Description - This Mighty Scourge by James M. McPherson
In the same tradition as Lincoln and the Second American Revolution and Drawn with the Sword: Reflections on the Civil War, Pulitzer-prize winner James M. McPherson has gathered an illuminating collection of essays that reflect his latest thinking on the Civil War. Filled with new interpretations and fresh scholarship, these essays address many of the most enduring questions and provocative debates about the Civil War. In some, McPherson distills the wisdom of many years of teaching and writing about the meaning of the war and about slavery and its abolition. In others, he makes use of primary research that breaks new ground on such topics as Confederate military strategy, foreign views of the war, soldiers and the press, the failure of peace negotiations to end the war, and Southern efforts to shape a heroic memory of the war. The selection will include several never-before-published essays, including one on General Robert E. Lee's goals in the Gettysburg campaign, and another on Lincoln as Commander-in-Chief.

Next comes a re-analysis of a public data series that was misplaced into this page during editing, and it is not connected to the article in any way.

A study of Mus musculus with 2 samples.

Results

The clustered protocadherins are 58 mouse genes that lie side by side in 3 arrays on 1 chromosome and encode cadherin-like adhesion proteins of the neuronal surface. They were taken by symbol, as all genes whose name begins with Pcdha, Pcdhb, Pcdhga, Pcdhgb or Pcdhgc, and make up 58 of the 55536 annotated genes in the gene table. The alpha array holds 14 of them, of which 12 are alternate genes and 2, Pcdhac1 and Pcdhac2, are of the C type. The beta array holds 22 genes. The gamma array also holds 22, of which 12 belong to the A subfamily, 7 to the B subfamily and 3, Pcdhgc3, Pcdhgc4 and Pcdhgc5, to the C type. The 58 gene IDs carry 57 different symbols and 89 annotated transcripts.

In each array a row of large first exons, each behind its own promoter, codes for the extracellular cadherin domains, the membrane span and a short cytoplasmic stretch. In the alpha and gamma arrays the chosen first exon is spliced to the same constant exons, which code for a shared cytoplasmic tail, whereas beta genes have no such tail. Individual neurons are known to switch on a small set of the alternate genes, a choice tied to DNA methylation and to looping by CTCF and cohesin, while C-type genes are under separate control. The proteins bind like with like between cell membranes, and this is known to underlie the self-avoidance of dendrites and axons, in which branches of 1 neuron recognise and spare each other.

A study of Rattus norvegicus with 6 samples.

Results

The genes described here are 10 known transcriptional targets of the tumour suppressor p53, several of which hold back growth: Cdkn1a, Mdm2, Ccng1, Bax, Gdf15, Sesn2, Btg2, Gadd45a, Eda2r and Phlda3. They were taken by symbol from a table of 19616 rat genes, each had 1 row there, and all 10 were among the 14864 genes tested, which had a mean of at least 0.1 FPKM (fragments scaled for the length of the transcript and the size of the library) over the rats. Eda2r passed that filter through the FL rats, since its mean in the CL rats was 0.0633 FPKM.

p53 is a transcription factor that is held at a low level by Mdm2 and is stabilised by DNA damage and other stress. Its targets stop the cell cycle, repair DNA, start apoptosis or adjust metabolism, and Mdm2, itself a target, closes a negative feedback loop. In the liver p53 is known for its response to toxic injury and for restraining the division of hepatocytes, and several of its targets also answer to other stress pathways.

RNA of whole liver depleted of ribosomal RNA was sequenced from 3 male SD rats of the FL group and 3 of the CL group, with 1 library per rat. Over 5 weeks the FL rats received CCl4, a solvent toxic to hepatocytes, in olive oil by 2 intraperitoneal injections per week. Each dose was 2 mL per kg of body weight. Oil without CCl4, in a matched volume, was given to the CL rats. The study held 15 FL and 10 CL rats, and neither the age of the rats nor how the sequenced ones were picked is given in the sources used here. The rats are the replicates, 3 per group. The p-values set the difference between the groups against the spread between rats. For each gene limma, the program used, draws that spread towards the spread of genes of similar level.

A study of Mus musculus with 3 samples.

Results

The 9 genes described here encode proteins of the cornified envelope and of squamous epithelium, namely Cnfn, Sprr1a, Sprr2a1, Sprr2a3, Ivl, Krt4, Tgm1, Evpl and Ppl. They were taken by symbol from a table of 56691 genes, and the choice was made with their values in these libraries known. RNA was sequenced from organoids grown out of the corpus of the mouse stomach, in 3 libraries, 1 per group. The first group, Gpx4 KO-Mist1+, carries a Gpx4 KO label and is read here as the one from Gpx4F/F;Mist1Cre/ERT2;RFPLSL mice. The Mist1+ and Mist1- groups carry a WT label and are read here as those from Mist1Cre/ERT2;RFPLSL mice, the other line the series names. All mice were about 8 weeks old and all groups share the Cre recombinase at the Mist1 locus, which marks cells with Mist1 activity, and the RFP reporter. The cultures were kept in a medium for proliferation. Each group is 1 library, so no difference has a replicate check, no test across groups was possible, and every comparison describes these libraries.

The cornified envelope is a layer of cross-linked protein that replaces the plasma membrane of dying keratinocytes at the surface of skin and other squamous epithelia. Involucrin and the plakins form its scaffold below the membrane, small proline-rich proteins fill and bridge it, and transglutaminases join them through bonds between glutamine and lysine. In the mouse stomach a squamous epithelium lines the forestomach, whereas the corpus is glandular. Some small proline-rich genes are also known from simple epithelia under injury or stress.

The book also features a typescript of McPherson's 2000 National Endowment for the Humanities Jefferson Lecture about Lincoln's legacy that has never been published in its complete form. As a whole, these essays provide a rich interpretive history of the Civil War and its meaning for America - indeed for the world.
Buy This Mighty Scourge by James M. McPherson from Australia's Online Independent Bookstore, Boomerang Books.
(241mm x 163mm x 22mm)
Oxford University Press Inc
Publisher: Oxford University Press Inc
Country of Publication:
Other Editions - This Mighty Scourge by James M. McPherson
Book Reviews - This Mighty Scourge by James M. McPherson
Author Biography - James M. McPherson
James M. McPherson is the George Henry Davis '86 Professor of History Emeritus at Princeton University. He has published numerous volumes on the Civil War, including Lincoln and the Second American Revolution, Drawn with the Sword: Reflections on the American Civil War, and For Cause and Comrades: Why Men Fought in the Civil War, which won the prestigious Lincoln Prize in 1998.